Nighttime showers can be super relaxing after a long day. But if your hair doesn’t dry on its own before you’re ready to crawl into bed, you’re faced with a dilemma: Do you stay up past your bedtime to blow dry it? Or do you suck it up, go to bed with wet hair, and hope you don’t look like you got electrocuted when you wake up?
On the one hand, drying your hair with heat tools too often can be damaging to your strands. On the other, wet hair is immensely fragile—and going to bed with wet strands can leave you with frizzy, tangled hair come sunrise. In other words, both avenues have pros and cons—it’s one reason many people choose to shower in the morning.
That being said, sometimes, late-night showers are unavoidable. So here, we’ll give you the dish on sleeping with wet hair and the potential challenges that can arise when doing so. You’ll also discover our top tips for keeping your hair soft and smooth throughout the night, so you don’t need to wash your hair again in the morning. Keep reading to learn what you need to know about sleeping on wet hair.
Can You Sleep With Wet Hair?
Really quickly, open up a new tab on your browser and type “can you sleep with wet hair?” into Google. The results that pop up are confounding and contradictory (plus, half of the “related searches” revolve around old wives’ tales that claim sleeping with wet hair can cause everything from minor headaches to blindness). The truth is that yes, you can sleep with wet hair (and no, you won’t wake up suddenly blind).
The main danger of going to bed with wet hair is that it can cause hair concerns like frizzing, tangles, and breakage. This is because hair is more fragile when it’s wet. Healthy hair, when dry, can stretch and snap back to its original shape easily. When filled with water, however, hair becomes less flexible and more prone to breakage (fun tip: that’s why we recommend gently combing rather than brushing when your hair is wet). Friction from moving your head around while you sleep—particularly if you toss and turn a lot—can cause strands to snap. It can also cause your hair to tangle, knot, or frizz, especially if you have longer tresses.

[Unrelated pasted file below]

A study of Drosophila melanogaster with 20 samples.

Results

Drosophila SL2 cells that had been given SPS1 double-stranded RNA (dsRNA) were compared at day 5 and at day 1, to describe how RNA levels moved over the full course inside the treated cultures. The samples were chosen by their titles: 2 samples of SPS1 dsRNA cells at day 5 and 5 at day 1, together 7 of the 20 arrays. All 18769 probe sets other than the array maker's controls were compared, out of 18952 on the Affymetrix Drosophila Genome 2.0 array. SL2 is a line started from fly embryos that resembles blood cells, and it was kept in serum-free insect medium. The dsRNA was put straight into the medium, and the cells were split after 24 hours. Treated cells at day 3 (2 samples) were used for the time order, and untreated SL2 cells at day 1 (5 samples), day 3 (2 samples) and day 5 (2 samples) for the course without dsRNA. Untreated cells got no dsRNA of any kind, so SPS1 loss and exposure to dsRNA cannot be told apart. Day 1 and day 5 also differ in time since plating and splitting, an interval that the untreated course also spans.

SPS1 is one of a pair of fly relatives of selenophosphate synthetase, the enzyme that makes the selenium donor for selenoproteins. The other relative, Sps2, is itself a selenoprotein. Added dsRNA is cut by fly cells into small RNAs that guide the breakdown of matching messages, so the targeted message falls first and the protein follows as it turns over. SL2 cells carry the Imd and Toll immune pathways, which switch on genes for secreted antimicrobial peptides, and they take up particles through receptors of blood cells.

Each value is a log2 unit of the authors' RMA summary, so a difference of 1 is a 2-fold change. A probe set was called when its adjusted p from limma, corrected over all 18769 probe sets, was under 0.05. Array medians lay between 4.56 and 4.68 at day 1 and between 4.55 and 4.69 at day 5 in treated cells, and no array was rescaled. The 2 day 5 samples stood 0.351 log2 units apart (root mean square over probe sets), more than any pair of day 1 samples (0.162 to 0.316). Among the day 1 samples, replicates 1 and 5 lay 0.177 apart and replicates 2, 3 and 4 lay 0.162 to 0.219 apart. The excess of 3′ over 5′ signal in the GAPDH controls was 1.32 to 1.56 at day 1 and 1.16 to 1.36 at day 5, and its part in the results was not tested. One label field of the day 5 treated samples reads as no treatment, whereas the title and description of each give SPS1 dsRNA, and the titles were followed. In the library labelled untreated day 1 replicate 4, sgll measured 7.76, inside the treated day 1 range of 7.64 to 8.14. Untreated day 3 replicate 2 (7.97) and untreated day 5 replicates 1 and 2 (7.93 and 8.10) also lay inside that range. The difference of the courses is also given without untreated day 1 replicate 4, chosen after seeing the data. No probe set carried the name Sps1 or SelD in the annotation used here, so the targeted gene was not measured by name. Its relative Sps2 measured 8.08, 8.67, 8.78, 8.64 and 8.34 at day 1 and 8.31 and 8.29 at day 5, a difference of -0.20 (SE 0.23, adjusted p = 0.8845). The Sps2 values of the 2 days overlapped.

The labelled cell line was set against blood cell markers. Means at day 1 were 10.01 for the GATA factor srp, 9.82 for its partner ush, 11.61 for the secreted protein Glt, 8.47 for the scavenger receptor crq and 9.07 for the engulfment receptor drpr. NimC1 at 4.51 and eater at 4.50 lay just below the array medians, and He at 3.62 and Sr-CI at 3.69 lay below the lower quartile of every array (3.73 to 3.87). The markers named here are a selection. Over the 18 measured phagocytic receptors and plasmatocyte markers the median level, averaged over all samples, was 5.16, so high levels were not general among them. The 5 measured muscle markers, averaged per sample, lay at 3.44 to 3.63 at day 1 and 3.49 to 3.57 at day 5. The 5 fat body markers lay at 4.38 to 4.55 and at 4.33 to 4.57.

In summary, you can sleep with wet hair, but we aren’t saying you necessarily should. Sleeping with a dry mane is preferable.
How To Sleep With Wet Hair: 5 Kiehl’s Tips
If you will be hitting the hay with wet strands, there are steps you can take to help mitigate damage. See our tips below to discover the best way to sleep with wet hair.
Shampoo and Condition Your Hair
Generally speaking, you don’t need to shampoo every day. If you’re planning on going to sleep with wet hair, however, we do recommend lathering up and conditioning while in the shower to help ensure your hair is clean, soft, and hydrated.
We suggest using a high-quality shampoo and conditioner, such as Amino Acid Shampoo and Amino Acid Conditioner. This lightweight duo with coconut oil and amino acid gently cleanses and helps soften hair, leaving it feeling strong, hydrated, and manageable. The customer-favorite pair is suitable for all hair types and can be used whenever you lather up for smooth, shiny-looking strands.
Nourish Your Mane With a Mask
To help prevent breakage when sleeping on wet hair, pamper your strands with a nourishing hair mask, like Olive Fruit Oil Deeply Reparative Hair Mask. Designed for dry and under-nourished hair, this indulgent formula with olive oil and avocado oil moisturizes and helps strengthen weak, brittle hair. When used regularly, it also helps protect brittle strands from aggressors that can cause further damage. Apply it from your mid-lengths to ends while in the shower, then let the formula sit for a minimum of three minutes (longer if your hair is super damaged). Then rinse the mask out with lukewarm water and squeeze out any excess water before combing your damp strands.
Apply a Conditioning Leave-In Treatment
To help prevent breakage, we suggest combing a leave-in treatment, like Smoothing Oil-Infused Leave-In Concentrate, throughout your mane. This lightweight leave-in conditioner nourishes and smooths hair without weighing it down, leaving it looking sleek and shiny. Apply a dime-sized amount to damp strands at night, then add a bit more product in the morning to help refresh your air-dried tresses.
Try a Protective Hairstyle
To help keep your hair under control while sleeping on it, twist your mane into two loose braids before falling asleep. This will help keep your hair in place, reducing the amount of friction exerted on your strands as you toss and turn. As a bonus, braiding your hair when it’s damp gives it a natural-looking wave when dry, streamlining your morning routine (just use a touch of serum to smooth any unruly areas and add a bit of glossy shine to your slept-in style).
Splurge On a Silk Pillowcase
It may seem like a stretch, but the type of bedding you use really can affect how much damage your hair incurs while sleeping. If you frequently sleep with wet hair, we suggest investing in a silk pillowcase. Silk doesn’t retain moisture well, thereby allowing your hair to dry faster. More importantly, it’s slick and produces less friction when compared with a cotton or flannel pillowcase. The reduction in friction can help reduce the amount of damage your hair incurs, allowing it to look smoother, softer, and healthier over time.
Next: Now that you know how to sleep with wet hair, check out our article 8 Summer Hair Mishaps And How To Manage Them.